Amédée Ozenfant (1886-1966)
Amédée Ozenfant (1886-1966)

Verres et bouteilles en bleu

Amédée Ozenfant (1886-1966)
Verres et bouteilles en bleu
signed 'Ozenfant' (lower left)
oil on canvas
28 5/8 x 23 1/2 in. (73 x 60 cm.)
Painted in 1926
Léonce Rosenberg, Paris, by whom acquired directly from the artist.
Galerie L'Effort Moderne, Paris (no. 8710).
Anonymous sale, Hôtel Rameau, Versailles, 3 December 1967, lot 129.
Roland, Browse & Delbanco, London, by 1968.
Private collection, London, by whom acquired from the above on 3 October 1968, and thence by descent.
Léonce Rosenberg (ed.), Bulletin de L'Effort Moderne, no. 27, Paris, July 1926, p. 16 (illustrated; titled 'Vases dans un intérieur').
R. Alley, Catalogue of the Tate Gallery's Collection of Modern Art Other Than Works by British Artists, London, 1981, p. 579.
P. & M. Guénégan, Ame´de´e Ozenfant, 1886-1966, Catalogue raisonne´ de l'oeuvre peint, London, 2012, no. 1926/003, p. 394 (illustrated).
London, Roland, Browse & Delbanco, Restraint is also a Virtue: A Group of 20th Century Paintings, May 1968, no. 26 (illustrated).
London, Roland, Browse & Delbanco, Our Thirty Years in Retrospect, June - July 1977, no. 39 (illustrated).
Saint-Quentin, Musée Antoine Lécuyer, Amédée Ozenfant, October - December 1985, no. 67, p. 103 (illustrated); this exhibition later travelled to Mulhouse, Musée des Beaux-Arts, December 1985 - February 1986, Besançon, Musée des Beaux-Arts, March - May 1986, and Mâcon, Musée des Ursulines, May - July 1986.
Special notice

Artist's Resale Right ("Droit de Suite"). Artist's Resale Right Regulations 2006 apply to this lot, the buyer agrees to pay us an amount equal to the resale royalty provided for in those Regulations, and we undertake to the buyer to pay such amount to the artist's collection agent.

Ishbel Gray

Lot Essay

Pierre Guénégan has kindly confirmed the authenticity of this work.

As outlined in their seminal work, Après le Cubisme, published in November 1918, Amédée Ozenfant and Charles-Edouard Jeanneret (later known as Le Corbusier) called for a return to order in painting following the chaotic early years of the First World War.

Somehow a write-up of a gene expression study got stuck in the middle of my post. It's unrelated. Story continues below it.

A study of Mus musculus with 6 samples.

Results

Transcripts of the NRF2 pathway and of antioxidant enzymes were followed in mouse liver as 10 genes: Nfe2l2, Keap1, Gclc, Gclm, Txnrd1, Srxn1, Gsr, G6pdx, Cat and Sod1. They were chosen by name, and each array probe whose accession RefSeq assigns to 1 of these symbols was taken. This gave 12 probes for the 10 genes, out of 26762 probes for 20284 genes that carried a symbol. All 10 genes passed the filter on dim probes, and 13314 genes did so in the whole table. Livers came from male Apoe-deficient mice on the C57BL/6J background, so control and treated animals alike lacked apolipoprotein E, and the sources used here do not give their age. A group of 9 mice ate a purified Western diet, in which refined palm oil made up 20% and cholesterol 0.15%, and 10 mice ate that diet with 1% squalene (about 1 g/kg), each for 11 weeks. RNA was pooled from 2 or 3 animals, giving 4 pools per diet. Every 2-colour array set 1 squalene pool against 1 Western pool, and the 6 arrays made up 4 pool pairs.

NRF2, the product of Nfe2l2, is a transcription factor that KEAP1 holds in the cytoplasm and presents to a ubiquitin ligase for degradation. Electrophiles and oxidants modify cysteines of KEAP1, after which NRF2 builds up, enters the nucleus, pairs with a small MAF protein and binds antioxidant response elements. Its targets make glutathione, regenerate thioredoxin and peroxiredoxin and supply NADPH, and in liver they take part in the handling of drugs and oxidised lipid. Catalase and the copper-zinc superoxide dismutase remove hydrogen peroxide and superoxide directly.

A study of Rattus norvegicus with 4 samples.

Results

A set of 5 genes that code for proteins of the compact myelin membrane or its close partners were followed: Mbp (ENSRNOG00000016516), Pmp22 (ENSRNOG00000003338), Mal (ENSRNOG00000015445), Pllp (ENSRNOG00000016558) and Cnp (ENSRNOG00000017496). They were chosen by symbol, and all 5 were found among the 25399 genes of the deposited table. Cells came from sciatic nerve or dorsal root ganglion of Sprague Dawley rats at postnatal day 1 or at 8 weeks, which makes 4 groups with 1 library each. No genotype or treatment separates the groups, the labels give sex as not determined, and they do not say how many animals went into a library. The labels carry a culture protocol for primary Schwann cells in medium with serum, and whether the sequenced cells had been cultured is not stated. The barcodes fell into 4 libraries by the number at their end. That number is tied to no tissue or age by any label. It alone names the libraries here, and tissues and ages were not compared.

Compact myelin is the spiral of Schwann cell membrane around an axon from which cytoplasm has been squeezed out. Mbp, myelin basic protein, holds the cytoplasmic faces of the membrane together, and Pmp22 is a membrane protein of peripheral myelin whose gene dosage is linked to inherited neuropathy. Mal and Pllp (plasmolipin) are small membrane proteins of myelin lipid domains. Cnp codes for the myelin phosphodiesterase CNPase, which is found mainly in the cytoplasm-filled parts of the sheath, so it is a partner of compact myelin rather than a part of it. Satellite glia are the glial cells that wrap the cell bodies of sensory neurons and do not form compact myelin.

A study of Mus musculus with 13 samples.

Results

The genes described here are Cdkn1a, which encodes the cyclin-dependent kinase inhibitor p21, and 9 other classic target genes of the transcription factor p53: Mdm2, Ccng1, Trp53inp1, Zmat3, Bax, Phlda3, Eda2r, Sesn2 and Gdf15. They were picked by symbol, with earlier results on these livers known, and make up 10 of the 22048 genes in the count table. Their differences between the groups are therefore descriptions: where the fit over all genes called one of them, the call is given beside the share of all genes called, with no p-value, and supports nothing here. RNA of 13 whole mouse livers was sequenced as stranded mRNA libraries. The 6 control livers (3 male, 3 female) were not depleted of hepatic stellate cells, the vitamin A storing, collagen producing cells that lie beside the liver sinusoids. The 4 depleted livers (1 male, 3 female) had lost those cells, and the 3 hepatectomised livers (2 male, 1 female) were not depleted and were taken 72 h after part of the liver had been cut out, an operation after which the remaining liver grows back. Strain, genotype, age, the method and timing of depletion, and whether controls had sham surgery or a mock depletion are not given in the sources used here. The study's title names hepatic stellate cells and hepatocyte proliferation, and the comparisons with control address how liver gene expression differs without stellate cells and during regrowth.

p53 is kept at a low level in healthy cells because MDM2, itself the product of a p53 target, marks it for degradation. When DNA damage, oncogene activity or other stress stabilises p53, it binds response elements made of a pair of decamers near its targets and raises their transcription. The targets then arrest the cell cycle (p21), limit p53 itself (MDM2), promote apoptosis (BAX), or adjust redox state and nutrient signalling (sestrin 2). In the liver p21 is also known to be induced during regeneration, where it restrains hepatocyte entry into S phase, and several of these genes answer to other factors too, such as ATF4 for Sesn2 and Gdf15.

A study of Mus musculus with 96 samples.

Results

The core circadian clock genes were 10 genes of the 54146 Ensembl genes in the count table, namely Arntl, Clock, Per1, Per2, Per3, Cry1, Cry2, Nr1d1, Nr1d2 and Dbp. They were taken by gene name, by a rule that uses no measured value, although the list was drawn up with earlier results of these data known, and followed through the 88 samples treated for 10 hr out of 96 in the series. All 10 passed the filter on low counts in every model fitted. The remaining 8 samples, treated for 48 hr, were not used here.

Wishing to restore painting to a purer, more classical ideal, they rejected what they saw as the distortions of the avant-garde- particularly those of late Cubism- seeking instead to establish a style that was at once both balanced and structured. Thus, between 1918 and 1926, Ozenfant and Jeanneret ushered in a movement called Purism, which- although thoroughly against the excesses of the avant-garde- was itself exceptionally modern.

Like Cubism, Purism delighted in the machine-made; it is for this reason that as in Verres et bouteilles en bleu, mass-produced objects such as bottles and glasses came to dominate Purist compositions. Indeed, in order to underscore the precision and uniformity of the machine age they so revered, both artist's presented objects with smooth, unbroken brushwork, removing, insofar as possible, all traces of their hand. This, alongside a negation of volume suggested by shadow, helped to convey a sense of order, balance, and flatness.

As in the companion piece at the Tate, in Verres et bouteilles en bleu, Ozenfant took great care to balance the structure of his composition. For this reason, the artist divided the picture plane into a cohesive series of overlapping rectangles arranged along a central vertical axis. This, alongside a rhythmic palette of repeated pastel blues and greys- Ozenfant's preferred colours at the time-helped to convey a peaceful sense of harmony.